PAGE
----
5 Tips for Credentialing your BCBA

by
Vincent Daniel


For ABA practices, credentialing your Board Certified Behavior Analyst (BCBA) is a crucial step. Without this authorization, a therapist will be unable to provide insured services. This restriction severely limits the number of patients who will engage with the physician. 

Unfortunately, credentialing offers many potential pitfalls. ABA practices have dozens of ways to fail the credentialing process. Learn what habits satisfy insurance agencies to avoid this failure. 

Here are five tips for credentialing your BCBA.

Documentation Requirements

Insurance companies vary in their documentation standards. Requirements regarding CPR training and RBT certification differ. While all insurers demand a background check, the depth of the investigation is inconsistent. To satisfy the requirements of as many payers as possible, do an in-depth background check as part of your hiring process. Doing so ensures that you have this information on hand, if needed. 

Apply to the Council for Affordable Quality Healthcare (CAQH). CAQH gives users access to a vast database connected to participating healthcare networks and plans. After uploading your documents into the database, insurance payers can retrieve your education, certification, and other information. 

A common problem is an issue with CAQH visibility. Instruct your providers to maintain and update their CAQH accounts so insurers can easily access their data. Also, your therapy providers should have resumes that list exact dates of certification and employment. 

Contracting Vs. Credentialing

During the transition to in-network status, credentialing paperwork and contracts often pile up, making it easy to confuse the two. However, it’s important to remember the distinction between these processes. A contract lays out the terms of service between your healthcare practice and the insurance agency. Credentialing is the review of a therapy provider’s credentials, necessary for insurer approval.

The contract is a documented agreement between your practice and a payer. By contrast, your organization must credential every new therapy provider it hires. Avoid thinking you have permanently completed paperwork once you've finished the initial batch. 

Maintaining Credentialing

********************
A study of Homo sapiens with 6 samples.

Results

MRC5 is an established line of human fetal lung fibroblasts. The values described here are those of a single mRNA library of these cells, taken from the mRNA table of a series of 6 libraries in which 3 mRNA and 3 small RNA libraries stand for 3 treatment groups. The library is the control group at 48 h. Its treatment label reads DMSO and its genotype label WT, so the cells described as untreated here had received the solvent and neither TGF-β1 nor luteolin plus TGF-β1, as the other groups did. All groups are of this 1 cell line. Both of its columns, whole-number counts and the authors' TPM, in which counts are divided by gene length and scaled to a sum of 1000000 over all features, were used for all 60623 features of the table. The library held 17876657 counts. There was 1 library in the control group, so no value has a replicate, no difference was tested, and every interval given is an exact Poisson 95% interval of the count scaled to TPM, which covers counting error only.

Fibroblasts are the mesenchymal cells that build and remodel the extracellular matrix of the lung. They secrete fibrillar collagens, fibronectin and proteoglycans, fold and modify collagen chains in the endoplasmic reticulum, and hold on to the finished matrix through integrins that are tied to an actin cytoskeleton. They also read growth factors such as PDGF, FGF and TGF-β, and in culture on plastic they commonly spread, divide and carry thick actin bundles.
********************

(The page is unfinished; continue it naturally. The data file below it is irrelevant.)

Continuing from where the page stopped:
The more your practice grows, the more helpful it is to maintain a tracking system for your credentials. When juggling an expanding practice’s requirements, it’s easy to let crucial details slide. To prevent this regression, your staff should consistently monitor specific items. 

Credentialing has an expiration date. Depending on the payer, they will require re-credentialing or re-validation for an individual or group. Most payers will notify the practice of re-credentialing before the renewal date. Following this notification, practices must act quickly to avoid missing the deadline. 

Handling Therapy Providers 

During the application process, therapists will receive no money from payers. Coordinate their training to coincide with this waiting period. Therapists of any experience can work with out-of-pocket patients during the interlude. Waiting physicians may also complete non-billable BCBA services.

Time Restrictions

Credentialing takes time. Typically, the process lasts from 90 to 150 days. Timelines for group and individual applications vary and are dependent upon each payer. Some payers require a minimum number of providers before credentialing a group. The more providers you have, the more you should consider a group option. 

If your ABA practice feels uncomfortable sorting through billing and coding paperwork, consider hiring a professional billing service. Plutus Health helps clinics avoid denials and maintain a consistent revenue flow. Our team works to cut through delays and get you the fastest reimbursements possible. 

Key Takeaways

1. Understand what documents you’ll need and prepare them as early as possible. 

2. Know the difference between credentialing and contracting to avoid confusing paperwork. 

3. Stay aware of re-credentialing or re-validation deadlines. 

4. Schedule therapists to work non-billable BCBA services during the credentialing wait. 

5. Plan before committing to an individual or group agreement.